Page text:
In the fall, I taught a women’s Bible study based on material from my current work in progress, A Wife of Valor: Your Strategic Importance in God’s Battle Plan. This seven-week course focused on teaching women to more effectively partner with their husbands as fellow soldiers in God’s battle.
Here’s what participants said they found most helpful, challenging or thought provoking from Week 1:
“The illustration of battling back to back with my husband, being warriors together for God’s cause.”
“The reminder that we should just give thanks for the man our husband is, instead of desiring a ficticious delusion of who our husband ‘should’ be.”
“When I make ‘sacrifices’ and humbly yield my own desires, I am following Jesus’ example.”
Thank you for a great post. I wish my wife would more deeply embrace these ideas. Could I share my story with you and maybe you could offer me your wisdom on the matter….
I have a concern with my marriage but I don’t know what to do. My wife and are somewhat newly wed (3 months), but my wife does not seem to be concerned with working on the marriage, while I feel very strongly that we should. We get along great unless she’s annoyed with me which happens suddenly and turns into anger instantly (though she denies being angry it is clear that she is more than what I consider “annoyed”). My wife is a believing Christian, and she will read the Bible with me when I bring it out (which I try to do daily), but she seems to have no motivation to really deeply consider its teaching or to pray outside of when I remind her to (and even when I do she kinda groans, which breaks my heart). I don’t know what to do! I’ve explained to her with calmness and sincerity how I feel that it would make her own life so much more peaceful and happy if she would embrace a more Christ-like attitude and forgive me for my trespasses (which are minor and unintentional bad habits like interrupting her to interject a point or idea during conversation). Yet she feels justified, and maybe she is. But I keep telling her, if the Lord Christ forgave the people who tortured, rejected, and humiliated him, shouldn’t she forgive me for being annoying?
You have so much experience and wisdom, please pray for me and offer me any advice or guidance you think might help.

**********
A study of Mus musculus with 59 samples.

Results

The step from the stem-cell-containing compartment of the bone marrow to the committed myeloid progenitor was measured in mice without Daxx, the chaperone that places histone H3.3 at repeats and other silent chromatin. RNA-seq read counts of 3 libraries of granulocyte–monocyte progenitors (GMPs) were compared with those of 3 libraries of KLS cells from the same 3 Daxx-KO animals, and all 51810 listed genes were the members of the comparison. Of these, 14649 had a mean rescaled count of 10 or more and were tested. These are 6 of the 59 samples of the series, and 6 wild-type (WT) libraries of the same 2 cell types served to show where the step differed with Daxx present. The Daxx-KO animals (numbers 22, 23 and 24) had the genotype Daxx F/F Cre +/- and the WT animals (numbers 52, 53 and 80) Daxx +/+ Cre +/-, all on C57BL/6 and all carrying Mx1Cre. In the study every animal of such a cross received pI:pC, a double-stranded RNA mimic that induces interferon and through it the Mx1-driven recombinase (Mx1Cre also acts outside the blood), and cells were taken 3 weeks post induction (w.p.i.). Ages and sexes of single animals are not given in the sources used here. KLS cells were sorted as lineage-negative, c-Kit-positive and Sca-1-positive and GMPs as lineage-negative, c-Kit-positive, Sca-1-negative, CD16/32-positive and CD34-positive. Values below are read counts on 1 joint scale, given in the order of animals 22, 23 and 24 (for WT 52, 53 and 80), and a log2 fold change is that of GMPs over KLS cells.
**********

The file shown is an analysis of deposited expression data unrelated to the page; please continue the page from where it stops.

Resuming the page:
I’m sorry to hear about your struggles, and I will certainly pray for you and your wife. My advice to you is to work on loving her self-sacrificially, as Christ loved the church. We were not just angry but hostile and abusive toward him, yet he persevered and never gave up on us. You can’t change your spouse, but you can change your own heart. In every relationship, somebody has to be willing to go first. Another thing to consider: When you have offended her (even if you don’t get why she is offended) are you humbly asking her for forgiveness, or demanding that she forgive you? If it is the later, it’s likely to only increase her annoyance level. Demanding that she forgive will probably come across as a lack of true repentance on your part. Keep in mind also that forgiveness is a two part process. We often have to first commit to forgive someone, and only after that do our feelings toward them improve. Perhaps you are not allowing her the time and emotional space to work her way through both steps in that process. Be patient, keep praying, and don’t give up.
You’ve said here many things that make a lot of sense to me. I do try to do a lot of them, but as I think about it I know I could/should do much better. I need to have more patience and approach things from a gentle angle. And forgiveness on my part is key. Thank you so much for your advice and your prayers 🙂
I’m glad to know my counsel has been helpful. Gentleness, patience, not keeping a record of wrongs, and returning good for evil are all Christ-like ways to keep on loving your wife. Remeber she is a priceless gift from God to you. God gave the two of you to one another to help you grow, but spiritual growth can be very challenging. I will keep you in my prayers.
🙂 I just wanted to let you know that I’m feeling much better about the situation and things have been much better since keeping your advice in mind, thank God. I want to extend my sincerest gratitude to you for your words and prayers!
Praise God! Marriage isn’t for cowards, but you will find it is well worth the effort, especially if you remain open to letting God use this relationship to make you more like Christ.